Long COVID News: Study Shows Majority Of Young Healthy Adults Will Exhibit Peripheral Macrovascular And Microvascular Complications Following COVID-19
Long COVID News
: A new study by researchers from the University of Texas-Arlington shows that young and otherwise healthy adults would suffer persistent peripheral macrovascular and microvascular complications following ‘recovery’ from COVID-19.
The study was the first to investigate the persistent effects of COVID-19 on vascular function in otherwise healthy young adults.
The study findings demonstrated that peripheral macrovascular and microvascular vasodilation was significantly blunted in young adults still symptomatic from COVID-19 beyond the acute phase (>4 wk from diagnosis), whereas those who become asymptomatic have similar vascular function compared with controls who never had COVID-19. In contrast, cerebral vascular function and central arterial stiffness were unaffected irrespective of COVID-19 symptomology.
Numerous past studies and Long COVID News
suggest that COVID-19 causes vascular dysfunction during the acute phase of the illness in otherwise healthy young adults. To date no studies have investigated the longer-term effects of COVID-19 on vascular function.
The study team hypothesized that young, otherwise healthy adults who are past the acute phase of COVID-19 would exhibit blunted peripheral (brachial artery flow-mediated dilation (FMD) and reactive hyperemia) and cerebral vasodilator function (cerebral vasomotor reactivity to hypercapnia; CVMR) and increased central arterial stiffness.
A total of sixteen young adults who were at least 4 wk past a COVID-19 diagnosis and 12 controls who never had COVID-19 were studied. Eight subjects with COVID-19 were symptomatic (SYM) and eight were asymptomatic (ASYM) at the time of testing.
The study findings found that FMD and reactive hyperemia were not different between COVID and control groups. However, FMD was lower in SYM (3.8 ± 0.6%) compared with ASYM (6.8 ± 0.9%; P
= 0.007) and control (6.8 ± 0.6%; P
= 0.003) with no difference between ASYM and control.
Similarly, peak blood velocity following cuff release was lower in SYM (47 ± 8 cm/s) compared with ASYM (64 ± 19 cm/s; P = 0.025) and control (61 ± 14 cm/s; P = 0.036). CVMR and arterial stiffness were not different between any groups. In summary, peripheral macrovascular and microvascular function, but not cerebral vascular function or central arterial stiffness were blunted in young adults symptomatic beyond the acute phase of COVID-19. In contrast, those who were asymptomatic had similar vascular function compared with controls who never had COVID-19.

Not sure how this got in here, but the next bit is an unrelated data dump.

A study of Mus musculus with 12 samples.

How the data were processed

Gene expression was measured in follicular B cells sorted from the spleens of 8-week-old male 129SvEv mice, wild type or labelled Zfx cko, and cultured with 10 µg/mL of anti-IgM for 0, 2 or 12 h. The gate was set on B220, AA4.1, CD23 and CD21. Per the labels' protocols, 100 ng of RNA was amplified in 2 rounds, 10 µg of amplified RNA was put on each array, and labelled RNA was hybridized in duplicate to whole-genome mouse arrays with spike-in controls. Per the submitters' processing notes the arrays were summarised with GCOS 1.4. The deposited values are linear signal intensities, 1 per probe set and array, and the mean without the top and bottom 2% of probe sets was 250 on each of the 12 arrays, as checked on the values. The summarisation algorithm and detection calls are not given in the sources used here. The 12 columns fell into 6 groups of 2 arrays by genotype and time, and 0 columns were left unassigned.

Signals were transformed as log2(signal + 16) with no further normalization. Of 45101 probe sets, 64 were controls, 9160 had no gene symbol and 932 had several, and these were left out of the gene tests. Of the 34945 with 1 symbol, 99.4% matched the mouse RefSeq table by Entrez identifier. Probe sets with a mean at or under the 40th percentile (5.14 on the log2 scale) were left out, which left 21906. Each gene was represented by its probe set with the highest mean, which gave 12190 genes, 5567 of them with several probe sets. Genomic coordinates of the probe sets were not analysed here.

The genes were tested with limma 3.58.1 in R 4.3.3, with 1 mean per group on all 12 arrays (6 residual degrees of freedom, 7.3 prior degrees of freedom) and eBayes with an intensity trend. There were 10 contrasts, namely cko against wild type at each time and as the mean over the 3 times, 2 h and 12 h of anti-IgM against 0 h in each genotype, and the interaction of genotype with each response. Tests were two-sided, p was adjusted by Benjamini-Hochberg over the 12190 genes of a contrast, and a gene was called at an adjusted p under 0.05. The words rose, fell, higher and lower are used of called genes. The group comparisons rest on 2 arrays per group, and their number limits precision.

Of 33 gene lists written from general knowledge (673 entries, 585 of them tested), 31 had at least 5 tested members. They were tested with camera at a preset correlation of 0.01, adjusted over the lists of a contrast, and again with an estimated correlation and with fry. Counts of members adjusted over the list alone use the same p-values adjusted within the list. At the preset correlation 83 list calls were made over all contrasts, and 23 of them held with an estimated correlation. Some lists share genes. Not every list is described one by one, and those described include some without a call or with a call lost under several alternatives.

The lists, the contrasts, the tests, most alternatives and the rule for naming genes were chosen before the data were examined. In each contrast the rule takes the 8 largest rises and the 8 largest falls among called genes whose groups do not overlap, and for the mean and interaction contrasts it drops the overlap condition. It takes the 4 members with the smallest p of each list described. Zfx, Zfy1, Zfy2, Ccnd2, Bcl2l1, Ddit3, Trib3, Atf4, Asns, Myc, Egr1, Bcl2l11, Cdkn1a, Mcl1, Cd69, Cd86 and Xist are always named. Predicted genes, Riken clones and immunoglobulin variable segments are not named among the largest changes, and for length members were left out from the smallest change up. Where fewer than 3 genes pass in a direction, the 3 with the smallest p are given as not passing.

The study findings were published in the peer reviewed journal: Heart and Circulatory Physiology (American Journal Of Physiology )
Dr Damsara Nandadeva from the Department of Kinesiology, University of Texas at Arlington told Thailand Medical News, “It is intriguing that those with persistent [COVID-19] symptoms exhibited peripheral vascular dysfunction, whereas those who were asymptomatic at the time of testing had similar macrovascular and microvascular vasodilation to controls.”
It should be noted that adults 29 years of age and younger makeup only 16% of the U.S. population but account for over 7 million, or 22%, of U.S. COVID-19 infections.
Although more research is needed to fully understand the extent of the problem, one study found that as many as 1 in 4 adults ages 18 to 39 reported symptoms weeks or months after the initial acute phase of COVID-19 infection.
Dr Nandadeva explained, “Long COVID,” also called post-acute sequelae of SARS-COV-2 infection (PASC), is an umbrella term for the condition the U.S. Centers for Disease Control and Prevention refers to as “a lack of return to a usual state of health following acute COVID-19 illness.”
It has been found that individuals with long COVID report a variety of symptoms, including cognitive impairment, headache, and lightheadedness, which can be indicative of impairments to blood vessels supporting the brain.
The study team from the University of Texas at Arlington investigated brain and peripheral blood vessel function of 16 young adults who had tested positive for COVID-19 more than four weeks prior. Eight of the study subjects currently had COVID-19 symptoms and eight did not. Researchers then compared them to 12 peers who tested negative.
Interestingly, symptomatic participants showed “significantly blunted” dilation of both large and small blood vessels in their limbs. However, despite previous studies showing stiffening of central arteries in young adults with acute COVID-19, long COVID participants in this study showed no such stiffening, nor did they show impaired function in the blood vessels that support the brain.
Also it was observed that asymptomatic COVID-19–positive participants showed function similar to controls, offering hope that once symptoms resolve so may vascular impairments.
However during these vulnerable phases, affected individuals should constantly be monitored and should go for frequent checkups to ensure no serious or fatal events arises.